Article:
The Crisis of Authority

Rick Perlstein has a very nice op-ed putting the fringe rightwing craziness of today in the broader context of American fringe right-wing craziness. Then he makes this point:

It used to be different. You never heard the late Walter Cronkite taking time on the evening news to “debunk” claims that a proposed mental health clinic in Alaska is actually a dumping ground for right-wing critics of the president’s program, or giving the people who made those claims time to explain themselves on the air. The media didn’t adjudicate the ever-present underbrush of American paranoia as a set of “conservative claims” to weigh, horse-race-style, against liberal claims. Back then, a more confident media unequivocally labeled the civic outrage represented by such discourse as “extremist” — out of bounds.

The tree of crazy is an ever-present aspect of America’s flora. Only now, it’s being watered by misguided he-said-she-said reporting and taking over the forest. Latest word is that the enlightened and mild provision in the draft legislation to help elderly people who want living wills — the one hysterics turned into the “death panel” canard — is losing favor, according to the Wall Street Journal, because of “complaints over the provision.”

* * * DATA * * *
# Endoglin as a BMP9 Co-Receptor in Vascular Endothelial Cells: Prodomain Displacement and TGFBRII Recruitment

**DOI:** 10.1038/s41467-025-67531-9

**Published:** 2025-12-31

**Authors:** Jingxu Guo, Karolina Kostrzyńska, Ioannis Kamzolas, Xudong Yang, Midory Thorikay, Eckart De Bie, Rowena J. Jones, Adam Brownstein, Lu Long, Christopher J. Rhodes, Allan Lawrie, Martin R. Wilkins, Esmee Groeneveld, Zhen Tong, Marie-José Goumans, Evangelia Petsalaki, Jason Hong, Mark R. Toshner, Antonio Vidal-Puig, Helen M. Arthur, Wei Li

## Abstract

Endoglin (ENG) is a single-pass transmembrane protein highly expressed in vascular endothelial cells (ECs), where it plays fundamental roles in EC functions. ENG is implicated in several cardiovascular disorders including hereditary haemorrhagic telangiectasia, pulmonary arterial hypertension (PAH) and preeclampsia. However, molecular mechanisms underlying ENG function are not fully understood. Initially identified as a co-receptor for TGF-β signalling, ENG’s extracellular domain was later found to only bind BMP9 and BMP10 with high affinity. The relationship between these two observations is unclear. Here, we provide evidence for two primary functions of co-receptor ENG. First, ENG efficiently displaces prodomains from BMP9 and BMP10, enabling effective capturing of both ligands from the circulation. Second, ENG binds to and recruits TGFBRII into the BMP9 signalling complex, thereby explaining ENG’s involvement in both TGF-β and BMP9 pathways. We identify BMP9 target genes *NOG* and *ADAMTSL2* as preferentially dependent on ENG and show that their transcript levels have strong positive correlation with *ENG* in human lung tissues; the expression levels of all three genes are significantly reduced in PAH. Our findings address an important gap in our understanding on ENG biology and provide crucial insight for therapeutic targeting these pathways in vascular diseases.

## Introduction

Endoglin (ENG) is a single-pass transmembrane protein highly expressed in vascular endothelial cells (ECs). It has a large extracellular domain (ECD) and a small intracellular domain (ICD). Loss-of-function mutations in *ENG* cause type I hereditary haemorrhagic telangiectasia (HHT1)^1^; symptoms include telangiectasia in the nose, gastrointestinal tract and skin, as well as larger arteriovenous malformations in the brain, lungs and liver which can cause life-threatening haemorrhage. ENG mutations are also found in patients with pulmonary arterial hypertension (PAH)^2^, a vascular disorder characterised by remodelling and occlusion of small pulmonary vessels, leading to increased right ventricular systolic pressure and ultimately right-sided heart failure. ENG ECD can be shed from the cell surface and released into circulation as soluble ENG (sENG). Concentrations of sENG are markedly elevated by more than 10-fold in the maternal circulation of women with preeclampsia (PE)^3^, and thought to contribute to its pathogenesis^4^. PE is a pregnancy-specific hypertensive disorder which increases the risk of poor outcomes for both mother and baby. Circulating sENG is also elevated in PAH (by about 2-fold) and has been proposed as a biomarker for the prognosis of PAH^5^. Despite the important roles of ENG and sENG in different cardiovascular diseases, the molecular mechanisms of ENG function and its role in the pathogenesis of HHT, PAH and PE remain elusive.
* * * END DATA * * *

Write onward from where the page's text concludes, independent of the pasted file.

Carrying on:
I guess one thing I would say to this is that the change in the media is part of a much broader shift in American society. Technological and economic change has just made authority weaker and tended to fragment perspectives. If you think of, for example, popular music things like MTV and Top 40 radio stations don’t have the level of cultural power that they once did. It’s extremely easy for people to bury themselves in a subculture of their liking and not worry too much about the mainstream. Or maybe you ignore the dross that is prime time television programming and rely on cable channels and Netflix instead. Walter Cronkite broadcast at a time when when big cultural players could really run things in a way they can’t these days. That shift has had a lot of consequences, some good and some bad.